The Money Game
Roesch bristles when you bring up the fears CIOs have about "crippled" open source. He's got a right to be touchy. Eight years ago, he single-handedly developed the core of Snort. Since then, he estimates that he has written 3000 postings to the Snort discussion list and carefully built a large community of users (more than 2 million downloads and 100,000 active users, he says). In return, he got what every open source developer craves: respect, recognition and the occasional free beer from grateful users at technology conferences.
Roesch got everything except money. And that was OK. For a while.
"I was never motivated by financial gain," recalls Roesch. "It just ended up that way. People don't develop open source for monetary gain. You develop it for reputational gain."
Roesch could have used his reputation to land a high-paying job at a software company, but he liked working on Snort. So in 2001 he began courting venture capitalists to see if they would back his plans to start a company to support Snort. When he made the rounds, he says, there were no takers. "They wouldn't go near it unless we had some [proprietary] intellectual content wrapped around Snort," Roesch says.
Once he developed some proprietary management tools and a friendly GUI to run on top of Snort, Roesch got his money. And he's never looked back, partly, he argues, because he has no choice. Snort competes against software from well-known, well-funded companies such as Cisco, and "if you're going into a highly competitive area of software, as we did, you have to take venture capital", he says, adding that others have built proprietary tools around Snort. "You're going to have people who are going to try to ride on your coat-tails," Roesch says.
So far, according to Roesch, no one in the Snort community has held his financial success against him. "I like writing code," says Glenn Mansfield Keeni, a professional developer who contributes to Snort in his spare time. "I derive great satisfaction by contributing towards building a secure Internet. The code remains open source so there is no bitterness or feeling of being let down. If the commercial framework helps Snort take greater strides forward, that's welcome."
But others in the community wanted to guarantee that Snort would remain open. They formed a group in 2003 called Bleeding Snort to provide open source intrusion-detection rules and definitions for Snort (similar to the virus definition files you download for your antivirus program). It was a prescient move. Sourcefire now makes its updates available to its paying customers first; others have to wait five days. And unlike Bleeding Snort's updates, Sourcefire's are no longer released under an open source licence. Companies that have built proprietary software on top of Snort (Sourcefire is not the only one) have to pay a fee to Sourcefire to get those updates now. But Bleeding Snort often beats Sourcefire to the punch with new rules, says Alan Shimel, chief strategy officer for StillSecure, a security software company that uses the Snort engine as part of its proprietary software. Shimel obviously has a vested interest in keeping the Snort engine open source, but he says "there were a lot of people in the Snort community who weren't happy when [Roesch] formed Sourcefire. I've spoken to people inside Check Point who say they intend to keep Snort open, but as they say, the road to hell is littered with good intentions."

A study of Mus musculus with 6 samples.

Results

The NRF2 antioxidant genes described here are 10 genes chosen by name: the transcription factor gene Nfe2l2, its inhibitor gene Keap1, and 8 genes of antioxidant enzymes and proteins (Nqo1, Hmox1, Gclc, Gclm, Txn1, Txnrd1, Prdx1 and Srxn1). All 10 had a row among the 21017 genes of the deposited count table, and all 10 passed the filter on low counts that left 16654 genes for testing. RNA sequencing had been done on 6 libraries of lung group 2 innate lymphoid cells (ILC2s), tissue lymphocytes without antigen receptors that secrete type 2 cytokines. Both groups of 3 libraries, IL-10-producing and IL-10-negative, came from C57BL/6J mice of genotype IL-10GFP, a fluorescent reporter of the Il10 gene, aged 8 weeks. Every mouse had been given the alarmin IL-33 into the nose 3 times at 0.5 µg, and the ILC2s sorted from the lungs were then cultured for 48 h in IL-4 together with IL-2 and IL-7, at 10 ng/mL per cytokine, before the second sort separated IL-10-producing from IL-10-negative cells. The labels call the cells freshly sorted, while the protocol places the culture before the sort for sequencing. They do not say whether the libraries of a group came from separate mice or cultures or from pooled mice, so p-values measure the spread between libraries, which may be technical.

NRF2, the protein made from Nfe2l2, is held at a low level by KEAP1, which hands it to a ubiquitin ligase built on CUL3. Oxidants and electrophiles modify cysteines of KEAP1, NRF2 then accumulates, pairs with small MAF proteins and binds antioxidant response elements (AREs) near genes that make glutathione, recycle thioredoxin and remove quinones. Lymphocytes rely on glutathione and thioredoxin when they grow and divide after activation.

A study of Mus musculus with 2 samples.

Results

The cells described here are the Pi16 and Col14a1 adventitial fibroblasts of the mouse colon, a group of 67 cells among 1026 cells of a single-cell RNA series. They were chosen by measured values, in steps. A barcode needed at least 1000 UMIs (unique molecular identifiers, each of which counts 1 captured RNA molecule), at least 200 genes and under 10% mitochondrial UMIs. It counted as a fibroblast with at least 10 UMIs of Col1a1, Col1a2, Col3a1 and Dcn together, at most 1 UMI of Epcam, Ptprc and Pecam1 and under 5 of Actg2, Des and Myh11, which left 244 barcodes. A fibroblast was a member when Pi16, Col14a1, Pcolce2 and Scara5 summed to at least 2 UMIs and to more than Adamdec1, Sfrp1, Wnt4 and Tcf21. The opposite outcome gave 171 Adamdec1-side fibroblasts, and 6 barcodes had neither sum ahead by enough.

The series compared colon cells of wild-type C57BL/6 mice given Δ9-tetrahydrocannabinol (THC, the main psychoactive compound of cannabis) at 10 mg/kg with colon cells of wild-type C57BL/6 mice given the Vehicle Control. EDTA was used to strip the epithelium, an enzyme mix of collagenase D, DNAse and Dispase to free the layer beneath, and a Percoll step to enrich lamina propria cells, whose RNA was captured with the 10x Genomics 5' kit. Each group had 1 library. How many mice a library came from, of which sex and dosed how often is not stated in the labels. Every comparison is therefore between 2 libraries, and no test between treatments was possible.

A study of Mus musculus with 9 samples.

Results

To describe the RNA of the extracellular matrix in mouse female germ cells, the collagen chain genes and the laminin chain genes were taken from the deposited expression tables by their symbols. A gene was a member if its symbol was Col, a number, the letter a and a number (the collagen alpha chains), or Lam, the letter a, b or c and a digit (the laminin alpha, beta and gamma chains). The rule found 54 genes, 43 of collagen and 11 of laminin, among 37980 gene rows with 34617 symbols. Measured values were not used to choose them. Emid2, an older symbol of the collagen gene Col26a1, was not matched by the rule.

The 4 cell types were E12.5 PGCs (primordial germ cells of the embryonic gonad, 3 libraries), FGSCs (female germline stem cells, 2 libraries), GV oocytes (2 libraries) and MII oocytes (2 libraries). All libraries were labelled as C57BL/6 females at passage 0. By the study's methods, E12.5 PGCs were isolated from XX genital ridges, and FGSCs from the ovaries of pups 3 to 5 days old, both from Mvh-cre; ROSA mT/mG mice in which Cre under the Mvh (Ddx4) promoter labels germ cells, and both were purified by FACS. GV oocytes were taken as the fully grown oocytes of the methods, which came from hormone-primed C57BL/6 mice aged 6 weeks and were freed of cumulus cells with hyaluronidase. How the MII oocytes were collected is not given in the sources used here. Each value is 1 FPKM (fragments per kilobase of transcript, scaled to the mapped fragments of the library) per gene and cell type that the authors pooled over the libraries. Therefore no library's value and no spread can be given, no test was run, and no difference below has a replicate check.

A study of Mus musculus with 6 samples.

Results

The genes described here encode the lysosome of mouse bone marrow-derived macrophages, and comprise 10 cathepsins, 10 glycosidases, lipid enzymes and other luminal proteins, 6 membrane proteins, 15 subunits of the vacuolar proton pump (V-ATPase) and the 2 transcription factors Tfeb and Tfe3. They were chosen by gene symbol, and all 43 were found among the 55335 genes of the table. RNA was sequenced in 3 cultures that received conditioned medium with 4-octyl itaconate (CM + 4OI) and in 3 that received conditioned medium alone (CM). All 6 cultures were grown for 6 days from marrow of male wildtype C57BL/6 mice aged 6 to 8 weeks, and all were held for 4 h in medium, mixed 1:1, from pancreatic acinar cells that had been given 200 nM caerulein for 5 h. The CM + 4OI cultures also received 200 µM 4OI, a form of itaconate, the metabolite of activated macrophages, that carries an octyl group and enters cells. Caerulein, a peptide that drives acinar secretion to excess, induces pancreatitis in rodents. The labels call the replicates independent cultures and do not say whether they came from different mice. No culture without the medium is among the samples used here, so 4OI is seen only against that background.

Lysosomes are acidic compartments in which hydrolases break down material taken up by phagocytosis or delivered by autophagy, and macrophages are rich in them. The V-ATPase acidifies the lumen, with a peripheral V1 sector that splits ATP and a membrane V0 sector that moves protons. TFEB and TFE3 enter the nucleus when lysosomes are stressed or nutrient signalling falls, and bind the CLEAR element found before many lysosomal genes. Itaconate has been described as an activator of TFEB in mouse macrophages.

For its part, Check Point's Web site states that it is "committed to the Snort open source community, and we look forward to growing the Snort solution and the Snort community in the future".
But the fact is, not all open source security software has remained open. A software package called Nessus was initially released under an open source licence in 1998, but the latest version (3.0) has been released under a commercial licence (earlier versions remain available as open source) - though it is still free to users. Nessus's original developer, Renaud Deraison, who, like Roesch, has started a company (Tenable Network Security), says his commercial customers pressured him to close the source. "Many of them had prohibitions against [open source] software or had to jump through legal hoops to get permission for it," he says. "What they want is quality, free software. The licence is less important." Though Nessus's shift has brought criticism from some open source advocates on discussion Web sites like Slashdot.org, Nessus usage seems not to be affected - at least not yet.
Meanwhile, CIOs - who are constitutionally sceptical of vendor promises - are worried about Check Point's purchase of Snort. "It's definitely a concern," says Kirk Drake, vice president of technology for the National Institutes of Health Federal Credit Union, which uses Snort and Sourcefire's add-ons. "But it's no different from what we've seen before. We buy a good product, and it gets bought by another company and the product can change. And the pricing changes."
According to Roesch, those who see mixed source as a Trojan horse for an inevitable march back to proprietary software are underestimating the power of the open source community. "Check Point got one of the most tested and deployed code bases in the world, and if they manage it carefully they've got the community too," says Roesch. "I would argue that the goodwill generated by Snort among users and developers probably outweighs the value of [the proprietary software], and I think Check Point believes that as well." In other words, continuing to support an open Snort will cost Check Point less than alienating the community by closing the source.